What is in this article?:
The ACRE option is not an easy decision. It involves consideration of all three farm safety net programs: the traditional DCP program, the ACRE election option, and crop insurance. Moreover, the ACRE option election is not made on an individual crop basis, but applies to all farm program crops grown on a farm.
As of late February 2013, the ACRE election option is fundamentally different than in previous years. Like prior years, ACRE appears to offer more risk management assistance than the DCP program, especially for crops associated with the Midwest and plains. However, unlike prior years, ACRE also appears to offer higher price risk assistance relative to commonly elected individual crop insurance levels. In some respects, the 2013 ACRE program appears, as of late February 2013, to function in a manner consistent with the ARC (Agricultural Risk Coverage) and RLC (Revenue Loss Coverage) programs proposed in the 2012 Farm Bill drafts by providing shallow loss coverage above the individual insurance coverage levels elected by farms. It is important to underscore that ACRE and crop insurance are not substitutes because ACRE makes payments on a state yield and crop insurance makes payments on yield more closely related to the farm. However, farms who are concerned about price declines may find ACRE advantageous as it appears likely to provide additional price protection at the cost of a lower direct payment equal on average for the U.S. to the values presented in Figure 5 per base acre.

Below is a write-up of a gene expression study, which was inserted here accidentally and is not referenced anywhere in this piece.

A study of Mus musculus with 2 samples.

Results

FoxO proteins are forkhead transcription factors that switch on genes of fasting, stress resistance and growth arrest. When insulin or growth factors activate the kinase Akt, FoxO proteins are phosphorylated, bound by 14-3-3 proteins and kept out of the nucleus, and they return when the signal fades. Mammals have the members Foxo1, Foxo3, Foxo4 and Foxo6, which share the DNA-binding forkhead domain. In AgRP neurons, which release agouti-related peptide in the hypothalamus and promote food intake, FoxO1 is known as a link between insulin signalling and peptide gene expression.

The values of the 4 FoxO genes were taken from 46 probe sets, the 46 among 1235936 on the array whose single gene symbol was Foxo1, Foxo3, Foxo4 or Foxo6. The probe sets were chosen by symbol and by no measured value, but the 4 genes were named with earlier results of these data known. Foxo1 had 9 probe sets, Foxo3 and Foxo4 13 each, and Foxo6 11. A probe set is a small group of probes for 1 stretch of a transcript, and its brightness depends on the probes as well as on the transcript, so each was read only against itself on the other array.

In addition, the different price windows covered by crop insurance and ACRE could have significant meaning. The authors suggest that the most risky scenario that could play out for U.S. crop farms is a large 2013 crop in South American, followed by a large 2013 crop in the U.S., and followed by a large 2014 crop in South America. ACRE offers some protection against this scenario because of its use of crop year price. Crop insurance offers no protection against this scenario after its harvest price is determined for the 2013 crop. Moreover, the crop insurance expected price for 2014 will be reset based on prices that exist at the time the expected insurance price for 2014 is determined.
Last, option decision making theory suggests that farms should wait until late May to make the ACRE election decision. This strategy allows farms to make a more informed decision about potential revenue for 2013 and thus of the potential for ACRE to significantly enhance risk protection for the 2013 crop year.
This publication is also available at http://aede.osu.edu/publications.